The Go programming language is an open source project to make programmers more productive.
Go is expressive, concise, clean, and efficient. Its concurrency mechanisms make it easy to write programs that get the most out of multicore and networked machines, while its novel type system enables flexible and modular program construction. Go compiles quickly to machine code yet has the convenience of garbage collection and the power of run-time reflection. It's a fast, statically typed, compiled language that feels like a dynamically typed, interpreted language.
Instructions for downloading and installing the Go compilers, tools, and libraries.
An interactive introduction to Go in three sections. The first section covers basic syntax and data structures; the second discusses methods and interfaces; and the third introduces Go's concurrency primitives. Each section concludes with a few exercises so you can practice what you've learned. You can take the tour online or install it locally.
A document that gives tips for writing clear, idiomatic Go code. A must read for any new Go programmer. It augments the tour and the language specification, both of which should be read first.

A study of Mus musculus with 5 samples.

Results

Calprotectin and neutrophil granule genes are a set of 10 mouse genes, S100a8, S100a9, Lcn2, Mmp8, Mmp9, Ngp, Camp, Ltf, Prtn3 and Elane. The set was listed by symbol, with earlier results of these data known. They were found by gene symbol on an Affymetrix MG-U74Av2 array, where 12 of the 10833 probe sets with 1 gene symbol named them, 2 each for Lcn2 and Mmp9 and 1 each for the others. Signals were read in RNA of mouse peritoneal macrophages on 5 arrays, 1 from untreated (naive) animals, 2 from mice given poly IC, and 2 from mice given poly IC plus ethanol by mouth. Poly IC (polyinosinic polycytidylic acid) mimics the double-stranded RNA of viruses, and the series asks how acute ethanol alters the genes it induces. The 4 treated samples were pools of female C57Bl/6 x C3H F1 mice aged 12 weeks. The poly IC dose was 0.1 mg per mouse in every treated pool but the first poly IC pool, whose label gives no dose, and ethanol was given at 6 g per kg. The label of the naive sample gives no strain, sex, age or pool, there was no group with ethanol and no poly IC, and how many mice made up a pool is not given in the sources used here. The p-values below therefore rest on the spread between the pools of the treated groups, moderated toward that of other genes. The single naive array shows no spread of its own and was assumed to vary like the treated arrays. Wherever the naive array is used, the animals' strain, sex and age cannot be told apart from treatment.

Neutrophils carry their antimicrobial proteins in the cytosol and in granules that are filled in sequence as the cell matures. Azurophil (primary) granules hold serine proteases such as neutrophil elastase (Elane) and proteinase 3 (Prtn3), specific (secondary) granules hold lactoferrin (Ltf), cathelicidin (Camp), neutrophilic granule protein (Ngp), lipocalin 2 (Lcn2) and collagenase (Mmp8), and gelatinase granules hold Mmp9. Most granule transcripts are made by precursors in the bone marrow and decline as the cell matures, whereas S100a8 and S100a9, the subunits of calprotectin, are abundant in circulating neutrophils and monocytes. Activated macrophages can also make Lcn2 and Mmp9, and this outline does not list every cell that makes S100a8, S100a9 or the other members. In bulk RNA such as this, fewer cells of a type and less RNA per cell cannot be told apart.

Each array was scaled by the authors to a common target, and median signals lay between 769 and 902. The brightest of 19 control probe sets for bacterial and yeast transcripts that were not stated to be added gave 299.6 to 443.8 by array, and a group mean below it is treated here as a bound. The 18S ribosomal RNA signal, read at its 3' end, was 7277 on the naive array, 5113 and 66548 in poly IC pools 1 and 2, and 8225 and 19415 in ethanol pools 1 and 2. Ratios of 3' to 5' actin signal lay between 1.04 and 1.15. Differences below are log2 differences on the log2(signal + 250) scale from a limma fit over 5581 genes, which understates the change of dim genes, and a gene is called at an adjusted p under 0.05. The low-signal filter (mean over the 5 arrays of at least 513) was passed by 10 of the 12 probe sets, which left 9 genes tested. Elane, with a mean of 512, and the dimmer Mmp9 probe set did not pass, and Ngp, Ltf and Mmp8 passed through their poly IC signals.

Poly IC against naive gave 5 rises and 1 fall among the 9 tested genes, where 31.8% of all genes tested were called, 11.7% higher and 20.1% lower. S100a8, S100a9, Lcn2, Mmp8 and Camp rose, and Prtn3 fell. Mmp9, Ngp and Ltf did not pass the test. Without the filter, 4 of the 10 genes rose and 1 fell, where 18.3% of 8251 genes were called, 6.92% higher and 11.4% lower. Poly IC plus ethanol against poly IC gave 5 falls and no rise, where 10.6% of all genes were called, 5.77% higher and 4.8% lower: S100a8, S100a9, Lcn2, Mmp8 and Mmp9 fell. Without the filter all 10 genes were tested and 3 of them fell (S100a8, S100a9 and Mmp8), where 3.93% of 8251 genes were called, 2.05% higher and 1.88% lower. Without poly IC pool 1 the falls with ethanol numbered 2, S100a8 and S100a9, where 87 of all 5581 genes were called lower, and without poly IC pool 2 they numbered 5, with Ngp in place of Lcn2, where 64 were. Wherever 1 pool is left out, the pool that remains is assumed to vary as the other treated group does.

Answers to common questions about Go.
A wiki maintained by the Go community.
The documentation for the Go standard library.
The documentation for the Go tools.
The official Go Language specification.
A document that specifies the conditions under which reads of a variable in one goroutine can be guaranteed to observe values produced by writes to the same variable in a different goroutine.
A summary of the changes between Go releases.
The official blog of the Go project, featuring news and in-depth articles by the Go team and guests.
Guided tours of Go programs.
Three things that make Go fast, fun, and productive: interfaces, reflection, and concurrency. Builds a toy web crawler to demonstrate these.
One of Go's key design goals is code adaptability; that it should be easy to take a simple design and build upon it in a clean and natural way. In this talk Andrew Gerrand describes a simple "chat roulette" server that matches pairs of incoming TCP connections, and then use Go's concurrency mechanisms, interfaces, and standard library to extend it with a web interface and other features. While the function of the program changes dramatically, Go's flexibility preserves the original design as it grows.
Concurrency is the key to designing high performance network services. Go's concurrency primitives (goroutines and channels) provide a simple and efficient means of expressing concurrent execution. In this talk we see how tricky concurrency problems can be solved gracefully with simple Go code.
This talk expands on the Go Concurrency Patterns talk to dive deeper into Go's concurrency primitives.